Christ is born!
This is the time of year when we normally spend some moments reflecting on the previous year and looking forward to the next. Some will make some New Year’s Resolutions. Others will systematically set goals and specific benchmarks for the coming year. Me? Well, I do a little bit of both. But an idea that keeps coming back to me is how to do this while, at the same time, make sure I am fully present in the moment so that I don’t miss what is, what was, or what might be!
And I think the best way to do all this; to be fully present in the moment, to honestly and dispassionately look at the past, and to faithfully and hopefully plan for the future is to Count the Cost! But what does that mean?
Look at our Gospel Lesson in Luke 14:25-35:
At that time, great multitudes accompanied Jesus; and he turned and said to them, “If any one comes to me and does not hate his own father and mother and wife and children and brothers and sisters, yes, and even his own life, he cannot be my disciple. Whoever does not bear his own cross and come after me, cannot be my disciple. For which of you, desiring to build a tower, does not first sit down and count the cost, whether he has enough to complete it? Otherwise, when he has laid a foundation, and is not able to finish, all who see it begin to mock him, saying, ‘This man began to build, and was not able to finish.’ Or what king, going to encounter another king in war, will not sit down first and take counsel whether he is able with ten thousand to meet him who comes against him with twenty thousand? And if not, while the other is yet a great way off, he sends an embassy and asks terms of peace. So therefore, whoever of you does not renounce all that he has cannot be my disciple.
Our Lord Jesus confronts us with a stark and jarring teaching concerning counting the cost of being His disciple. Remember, a disciple is one who doesn’t pay lip service to the ideas of the “teacher” but mimics the teacher’s life and behavior, works to make sure his priorities match the priorities of the teacher, and fully expects his life to follow the same trajectory as the teacher. That’s what it means to be a disciple! No wonder the Lord lays out just what it will “cost” someone to be His disciple.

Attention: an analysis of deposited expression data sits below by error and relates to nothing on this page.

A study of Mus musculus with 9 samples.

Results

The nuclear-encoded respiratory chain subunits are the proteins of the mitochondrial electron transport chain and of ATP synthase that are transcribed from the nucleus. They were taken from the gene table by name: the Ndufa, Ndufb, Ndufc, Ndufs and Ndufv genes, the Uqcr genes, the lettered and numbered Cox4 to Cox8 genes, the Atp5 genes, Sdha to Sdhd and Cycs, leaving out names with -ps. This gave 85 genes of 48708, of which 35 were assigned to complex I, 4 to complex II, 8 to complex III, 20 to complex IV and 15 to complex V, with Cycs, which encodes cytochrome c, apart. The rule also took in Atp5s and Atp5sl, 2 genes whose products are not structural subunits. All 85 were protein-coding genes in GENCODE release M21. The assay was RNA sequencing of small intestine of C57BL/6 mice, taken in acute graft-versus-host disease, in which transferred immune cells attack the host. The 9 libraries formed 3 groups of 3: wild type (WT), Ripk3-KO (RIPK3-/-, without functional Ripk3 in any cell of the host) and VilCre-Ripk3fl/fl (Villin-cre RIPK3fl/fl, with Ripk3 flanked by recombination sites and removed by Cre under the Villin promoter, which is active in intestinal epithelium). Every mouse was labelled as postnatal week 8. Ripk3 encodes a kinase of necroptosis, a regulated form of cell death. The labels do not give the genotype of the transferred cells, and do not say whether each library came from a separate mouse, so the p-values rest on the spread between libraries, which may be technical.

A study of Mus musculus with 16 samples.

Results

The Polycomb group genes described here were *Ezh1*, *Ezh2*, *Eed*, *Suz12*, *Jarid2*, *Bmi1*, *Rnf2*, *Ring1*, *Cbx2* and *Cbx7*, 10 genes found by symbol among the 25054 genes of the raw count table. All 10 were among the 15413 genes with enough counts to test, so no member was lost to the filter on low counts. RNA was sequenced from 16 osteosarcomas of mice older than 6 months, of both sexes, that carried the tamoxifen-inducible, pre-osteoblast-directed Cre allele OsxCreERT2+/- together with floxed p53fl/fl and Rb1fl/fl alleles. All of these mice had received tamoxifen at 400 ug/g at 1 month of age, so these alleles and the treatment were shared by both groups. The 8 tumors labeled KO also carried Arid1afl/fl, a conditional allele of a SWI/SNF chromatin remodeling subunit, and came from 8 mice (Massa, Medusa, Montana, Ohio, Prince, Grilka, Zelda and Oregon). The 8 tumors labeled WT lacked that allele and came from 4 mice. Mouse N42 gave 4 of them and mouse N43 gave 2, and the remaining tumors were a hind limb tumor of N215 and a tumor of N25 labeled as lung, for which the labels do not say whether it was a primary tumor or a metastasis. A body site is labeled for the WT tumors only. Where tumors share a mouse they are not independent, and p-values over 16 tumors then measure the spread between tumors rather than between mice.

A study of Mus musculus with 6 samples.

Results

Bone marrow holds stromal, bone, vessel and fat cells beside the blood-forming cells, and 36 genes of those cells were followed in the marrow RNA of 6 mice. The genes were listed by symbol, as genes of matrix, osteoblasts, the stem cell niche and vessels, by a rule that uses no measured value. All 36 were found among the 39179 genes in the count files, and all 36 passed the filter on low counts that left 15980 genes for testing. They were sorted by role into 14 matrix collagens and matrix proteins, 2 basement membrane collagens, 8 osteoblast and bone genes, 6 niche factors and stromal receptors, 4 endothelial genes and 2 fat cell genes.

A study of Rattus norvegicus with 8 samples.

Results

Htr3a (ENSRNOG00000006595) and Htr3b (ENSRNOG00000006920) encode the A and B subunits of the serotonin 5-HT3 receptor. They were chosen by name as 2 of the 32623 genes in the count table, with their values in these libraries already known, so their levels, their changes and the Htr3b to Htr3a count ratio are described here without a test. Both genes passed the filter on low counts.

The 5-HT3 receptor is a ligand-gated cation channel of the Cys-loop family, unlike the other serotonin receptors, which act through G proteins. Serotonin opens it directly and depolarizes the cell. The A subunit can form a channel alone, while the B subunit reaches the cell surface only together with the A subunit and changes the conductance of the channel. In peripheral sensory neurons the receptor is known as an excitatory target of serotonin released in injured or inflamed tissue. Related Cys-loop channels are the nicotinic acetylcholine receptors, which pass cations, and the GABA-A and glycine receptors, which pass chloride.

The First Cost is a reordering of your love! The challenging language of the passage doesn’t mean I should hate my mother and father and children, but it does mean that my love for God is so great that all other loves look like “hate” in comparison. That’s what it costs to be a disciple of Jesus.
The Second Cost is to bear a cross. Now don’t misunderstand here; no one in the Lord’s audience that day missed the meaning of this. There’s only one use for a cross. Only one. It is an instrument of death, and that is exactly what the Lord means to say. A disciple of Jesus has to be willing to “die” to the twisted and backward priorities of this world and be willing to say goodbye to those broken ideas and choices.
Because no one starts to build without first sitting down to count the cost! And this is the cost of true discipleship of Jesus Christ. It’s summed up in that old saying written on the wall of a monastery on Mt. Athos: “If you die before you die, then when you die, you won’t die!” The only way to deal with our past, plan for our future, and actually be present in our now is to keep in front of us the unmistakable reality of our own mortality, the willingness to live life in repentance, and to joyously know that the death of death accomplished by the Lord we follow will be ours as well.
Today, as we bask in the glow of Bethlehem and look forward to a new year, let’s have the courage of authentic disciples and set our priorities based not on ideas that have already proven to be traps for our souls, but on the wisdom of the Lord we claim to love. And let’s allow this wise way of life to so affect our choices that all around us will want to follow too. They will be able to to see the beauty of being Orthodox on Purpose.